Science looks specifically at things that have happened and are happening on this earth (or somewhere in our gigantonormous universe), using our own human powers of observation. It looks at what IS, what WAS, what EXISTS PHYSICALLY, what EFFECTS what, etc. Science can ONLY make observations (and therefore, conclusions) on that which it can observe. Can't see it? It's not within the realm of science. Opinions, for example. Science can measure how many people like X versus how many like Y, but the opinion itself is not based on science. It simply is whatever the holder of it believes.
Religion, on the other hand, deals specifically with things that can't be seen, touched, observed. Theology is all about belief, which, just like opinions, are outside the realm of science. It may be experiential, it may be based on something (like the bible, the quran, etc.) physical, but it cannot be proven or disproven. Science can never and will never be able to address the question of God simply because that question is outside it's jurisdiction. Likewise, religion does not involve that which CAN be tested, observed, etc.
That said, as a Christian, I believe the Bible was given to us for a theological purpose, to convey theological thruths. It should not be taken to convey scientific truths, as that is not its purpose. It undermines its value to try to force a scientific interpretation on something that ISN'T scientific. NATURE, on the other hand (being God's creation, to the Christian), is God's direct work. Why would we look to his theological work to describe nature, when we've got nature itself right in front of us?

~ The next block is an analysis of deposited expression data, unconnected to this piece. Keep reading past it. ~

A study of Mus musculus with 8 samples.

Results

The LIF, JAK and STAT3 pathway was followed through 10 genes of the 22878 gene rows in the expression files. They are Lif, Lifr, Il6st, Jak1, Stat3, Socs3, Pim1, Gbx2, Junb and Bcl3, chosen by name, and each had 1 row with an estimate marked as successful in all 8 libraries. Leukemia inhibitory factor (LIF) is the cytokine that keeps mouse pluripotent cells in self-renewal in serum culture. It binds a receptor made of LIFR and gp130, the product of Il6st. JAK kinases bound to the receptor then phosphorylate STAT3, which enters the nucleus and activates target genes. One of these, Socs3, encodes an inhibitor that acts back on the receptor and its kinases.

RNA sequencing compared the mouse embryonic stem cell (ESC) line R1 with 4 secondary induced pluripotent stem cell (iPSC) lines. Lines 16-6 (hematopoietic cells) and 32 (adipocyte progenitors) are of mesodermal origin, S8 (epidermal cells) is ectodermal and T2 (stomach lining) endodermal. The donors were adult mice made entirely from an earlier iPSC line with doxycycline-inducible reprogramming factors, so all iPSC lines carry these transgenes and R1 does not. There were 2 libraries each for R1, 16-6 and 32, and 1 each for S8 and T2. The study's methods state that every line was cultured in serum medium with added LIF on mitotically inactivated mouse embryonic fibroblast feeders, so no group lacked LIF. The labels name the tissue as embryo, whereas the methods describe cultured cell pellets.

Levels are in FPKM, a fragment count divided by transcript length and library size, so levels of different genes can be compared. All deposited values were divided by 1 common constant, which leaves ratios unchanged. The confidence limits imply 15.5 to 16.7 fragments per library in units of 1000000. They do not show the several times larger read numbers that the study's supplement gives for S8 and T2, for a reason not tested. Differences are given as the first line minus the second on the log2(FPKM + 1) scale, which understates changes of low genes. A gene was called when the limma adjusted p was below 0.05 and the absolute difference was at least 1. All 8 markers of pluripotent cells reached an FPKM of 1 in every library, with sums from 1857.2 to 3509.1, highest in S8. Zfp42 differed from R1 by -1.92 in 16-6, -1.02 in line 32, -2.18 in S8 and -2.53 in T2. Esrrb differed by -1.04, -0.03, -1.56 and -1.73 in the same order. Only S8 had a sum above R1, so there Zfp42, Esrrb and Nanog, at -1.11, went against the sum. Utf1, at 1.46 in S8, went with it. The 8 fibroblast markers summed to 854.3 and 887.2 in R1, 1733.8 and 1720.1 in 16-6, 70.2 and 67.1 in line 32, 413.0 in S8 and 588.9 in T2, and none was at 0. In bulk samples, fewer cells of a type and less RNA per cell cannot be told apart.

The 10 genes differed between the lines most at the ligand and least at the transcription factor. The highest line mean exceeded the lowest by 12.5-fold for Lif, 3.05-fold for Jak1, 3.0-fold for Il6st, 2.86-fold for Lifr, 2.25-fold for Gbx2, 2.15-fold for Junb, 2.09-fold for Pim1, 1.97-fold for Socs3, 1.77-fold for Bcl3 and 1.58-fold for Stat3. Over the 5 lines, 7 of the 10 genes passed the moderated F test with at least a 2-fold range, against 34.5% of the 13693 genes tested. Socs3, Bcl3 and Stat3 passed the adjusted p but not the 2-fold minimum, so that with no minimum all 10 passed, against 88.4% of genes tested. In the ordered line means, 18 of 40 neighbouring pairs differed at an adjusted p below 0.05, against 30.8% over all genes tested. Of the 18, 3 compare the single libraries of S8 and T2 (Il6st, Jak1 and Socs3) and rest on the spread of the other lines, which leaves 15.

Everyone gets all excited about the "creation vs. evolution" debate. I agree with Galileo. Interpret scripture and nature (via science) correctly, and the two won't disagree. In this case, yes, that means I believe the Genesis account of creation is there for a theological purpose (that is, "Hi, I'm God, and I created you, not those punk wanna-be gods your neighbors are worshipping. They think the sun is a god? Guess what, I MADE the sun"), and does not intend to tell us a bit about HOW creation occurred. Accepting a scientific understanding of how the world came into being does not change that it was God's doing (again, to the Christian - obviously there are many other views). It doesn't devalue the Creator - it just says he made a huge, awesome process instead of waving a wand (or speaking magic words!) to bring us into being.
To the Christian, science is and should be our attempt to learn about and understand creation. Theology is our attempt to learn about and understand God. The two may be related, but they are no substitute for one another!
(Also, thanks for letting me get that off my chest, it's been driving me nuts as I've had Christians pestering me who can't fathom how I could not take Genesis "literally". IMO, there's no way to take language literally! Just think about poems, sarcasm, scientific writing versus philosophical versus instructional... etc.)